UVA rape story: How lawsuit against Rolling Stone could affect sexual violence coverage

A dean at the University of Virginia has filed a multimillion-dollar lawsuit against the magazine, once more drawing attention to the consequences of careless reporting — especially in cases of sexual assault.

The fallout from Rolling Stone’s discredited University of Virginia rape story continues.

Nicole Eramo, an associate dean of students at the university, has filed a lawsuit against the magazine and reporter Sabrina Rubin Erdley, seeking more than $7.5 million for defamation.

The complaint once more draws attention to the challenges of reporting on sexual assault as well as the consequences of careless reporting — consequences that could result not only in damaged reputations and financial repercussions, but also in an impulse among journalists to avoid the subject, and in greater skepticism about the reality of sexual violence on college campuses.

The suit, filed Tuesday in circuit court in Charlottesville, Va., claims that Ms. Eramo, who is in charge of dealing with sexual assault cases in the university and was featured in the Rolling Stone piece, has suffered a ruined reputation, lost credibility, and emotional distress as a result of the story, The Washington Post reported. The complaint reads, in part:

“Rolling Stone and Erdely’s highly defamatory and false statements about Dean Eramo were not the result of an innocent mistake. They were the result of a wanton journalist who was more concerned with writing an article that fulfilled her preconceived narrative about the victimization of women on American college campuses, and a malicious publisher who was more concerned about selling magazines to boost the economic bottom line for its faltering magazine, than they were about discovering the truth or actual facts.”

The original story, published on Nov. 19, 2014 as “A Rape on Campus: A Brutal Assault and Struggle for Justice at UVA,” was based largely on a single source: “Jackie,” whose anecdotes Ms. Erdley, the lead reporter on the story, failed to corroborate. Charlottesville police launched an investigation at UVA to confirm Rolling Stone’s allegations, but in March announced they had found no evidence that the events “Jackie” described in the piece had taken place.

A Columbia Journalism School investigation into the story ultimately deemed the article “a story of journalistic failure that was avoidable.”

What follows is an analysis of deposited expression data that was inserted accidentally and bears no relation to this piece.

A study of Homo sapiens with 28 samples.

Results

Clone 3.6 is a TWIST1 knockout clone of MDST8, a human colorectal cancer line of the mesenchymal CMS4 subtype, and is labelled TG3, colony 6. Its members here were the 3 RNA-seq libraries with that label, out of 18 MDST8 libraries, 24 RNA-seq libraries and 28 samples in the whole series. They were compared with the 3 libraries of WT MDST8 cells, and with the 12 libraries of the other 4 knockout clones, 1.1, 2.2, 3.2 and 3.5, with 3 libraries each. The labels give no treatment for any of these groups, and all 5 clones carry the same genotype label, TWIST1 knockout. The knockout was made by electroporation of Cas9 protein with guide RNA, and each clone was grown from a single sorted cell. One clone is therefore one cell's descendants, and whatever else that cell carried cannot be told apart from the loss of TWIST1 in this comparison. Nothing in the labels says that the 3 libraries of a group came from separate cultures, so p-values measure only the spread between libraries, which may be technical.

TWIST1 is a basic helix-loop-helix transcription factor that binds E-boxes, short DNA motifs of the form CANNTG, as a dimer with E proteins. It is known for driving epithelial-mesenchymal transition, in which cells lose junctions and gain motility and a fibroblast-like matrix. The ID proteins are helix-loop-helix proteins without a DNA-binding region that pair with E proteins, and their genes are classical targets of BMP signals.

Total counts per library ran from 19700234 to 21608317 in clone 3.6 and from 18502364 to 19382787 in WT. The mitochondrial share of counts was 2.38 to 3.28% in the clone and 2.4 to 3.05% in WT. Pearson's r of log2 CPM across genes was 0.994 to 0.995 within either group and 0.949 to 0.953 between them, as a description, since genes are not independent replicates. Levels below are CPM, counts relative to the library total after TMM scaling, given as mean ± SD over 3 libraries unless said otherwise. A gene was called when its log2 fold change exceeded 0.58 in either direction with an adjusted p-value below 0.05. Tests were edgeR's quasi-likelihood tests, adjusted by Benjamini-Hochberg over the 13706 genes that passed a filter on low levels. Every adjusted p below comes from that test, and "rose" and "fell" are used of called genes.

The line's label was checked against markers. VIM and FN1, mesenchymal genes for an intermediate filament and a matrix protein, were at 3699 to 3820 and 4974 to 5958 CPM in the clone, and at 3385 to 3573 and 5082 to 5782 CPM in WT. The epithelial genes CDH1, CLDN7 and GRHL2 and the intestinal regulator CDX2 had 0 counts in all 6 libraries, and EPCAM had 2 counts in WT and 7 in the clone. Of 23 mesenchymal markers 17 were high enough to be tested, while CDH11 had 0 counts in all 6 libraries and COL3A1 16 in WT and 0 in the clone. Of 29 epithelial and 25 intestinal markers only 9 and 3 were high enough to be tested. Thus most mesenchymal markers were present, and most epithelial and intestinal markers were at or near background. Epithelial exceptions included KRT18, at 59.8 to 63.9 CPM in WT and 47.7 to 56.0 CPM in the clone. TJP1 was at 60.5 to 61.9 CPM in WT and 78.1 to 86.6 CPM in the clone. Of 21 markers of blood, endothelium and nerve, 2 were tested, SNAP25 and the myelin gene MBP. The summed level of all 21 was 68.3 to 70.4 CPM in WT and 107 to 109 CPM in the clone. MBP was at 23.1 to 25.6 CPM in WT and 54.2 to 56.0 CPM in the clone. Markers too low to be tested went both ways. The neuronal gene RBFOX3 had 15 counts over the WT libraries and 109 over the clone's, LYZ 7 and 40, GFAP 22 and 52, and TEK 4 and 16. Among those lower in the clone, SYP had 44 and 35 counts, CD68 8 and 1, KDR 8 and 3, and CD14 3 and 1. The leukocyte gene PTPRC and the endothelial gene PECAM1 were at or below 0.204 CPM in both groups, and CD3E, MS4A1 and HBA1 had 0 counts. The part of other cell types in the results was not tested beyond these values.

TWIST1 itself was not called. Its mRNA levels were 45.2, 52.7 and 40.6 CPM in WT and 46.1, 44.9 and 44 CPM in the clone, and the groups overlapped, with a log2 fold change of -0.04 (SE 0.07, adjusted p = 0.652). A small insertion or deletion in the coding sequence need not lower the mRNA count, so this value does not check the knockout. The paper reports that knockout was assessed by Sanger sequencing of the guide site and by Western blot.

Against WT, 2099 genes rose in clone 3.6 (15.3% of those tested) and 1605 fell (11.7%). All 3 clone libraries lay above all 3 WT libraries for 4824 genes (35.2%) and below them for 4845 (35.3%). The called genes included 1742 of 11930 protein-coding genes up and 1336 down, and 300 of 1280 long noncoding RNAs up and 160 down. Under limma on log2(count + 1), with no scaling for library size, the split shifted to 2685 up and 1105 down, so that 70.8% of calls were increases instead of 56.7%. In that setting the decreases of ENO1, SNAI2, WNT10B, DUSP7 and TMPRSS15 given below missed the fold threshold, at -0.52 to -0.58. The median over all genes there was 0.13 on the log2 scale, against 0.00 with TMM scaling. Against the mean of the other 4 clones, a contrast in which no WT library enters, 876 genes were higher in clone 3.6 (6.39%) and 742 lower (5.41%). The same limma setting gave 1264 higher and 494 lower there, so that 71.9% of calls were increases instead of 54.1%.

“The failure encompassed reporting, editing, editorial supervision and fact-checking,” the report found. Collateral damage included Phi Kappa Psi, the fraternity implicated in the story, as well as UVA.

Rolling Stone has since issued a public apology over the piece. But the story — and now Eramo’s lawsuit — could have broader consequences.

“I think the worst-case scenario would be that journalists don’t want to cover this topic,” Tracy Cox, communications director for the National Sexual Violence Resource Center (NSVRC), told The Christian Science Monitor’s Amanda Paulson in April.

Covering sexual assault has always been a challenge for journalists. In some places, reporting on sexual violence could mean physical retaliation, imprisonment, and even death for the reporters involved, according to The Committee to Protect Journalists. But as the Rolling Stone debacle has shown, there’s also the ever-present danger of losing credibility — on the part of both journalists and victims.

As it is, 80 percent of attacks against college students go unreported, the Bureau of Justice Statistics found last year.  

“In no other crime is a victim treated with such disbelief and scrutiny as sexual assault, and Rolling Stone's journalistic fail could increase that skepticism,” according to an op-ed in the Houston Chronicle. “That would be a tragic outcome; it could push some victims back into the shadows who were just beginning to feel that they might safely come forward.”

Still, there are ways to turn a blow into a blessing. Among the recommendations put forth by the authors of the Columbia report are to balance sensitivity to victims with the demands of verification, and to corroborate survivor accounts.

As Steve Coll, dean of the Columbia Journalism School and one of the authors of the report, put it, “This is an area where we have got to have a conversation amongst ourselves about how to get better."

NSVRC’s Ms. Cox also urged transparency and careful attention to detail, even at the cost of publication delays.

“It’s better to have the right story than go with something that’s wrong and in the end causes more harm than good,” she told the Monitor.

“We want [journalists] to see that despite the complexities and difficulties [in reporting about sexual assault, it] can be done well, can be done accurately, and can have widespread positive impacts," she added. "Through their reporting, they’re telling victims' stories. They can help to contribute to widespread societal change."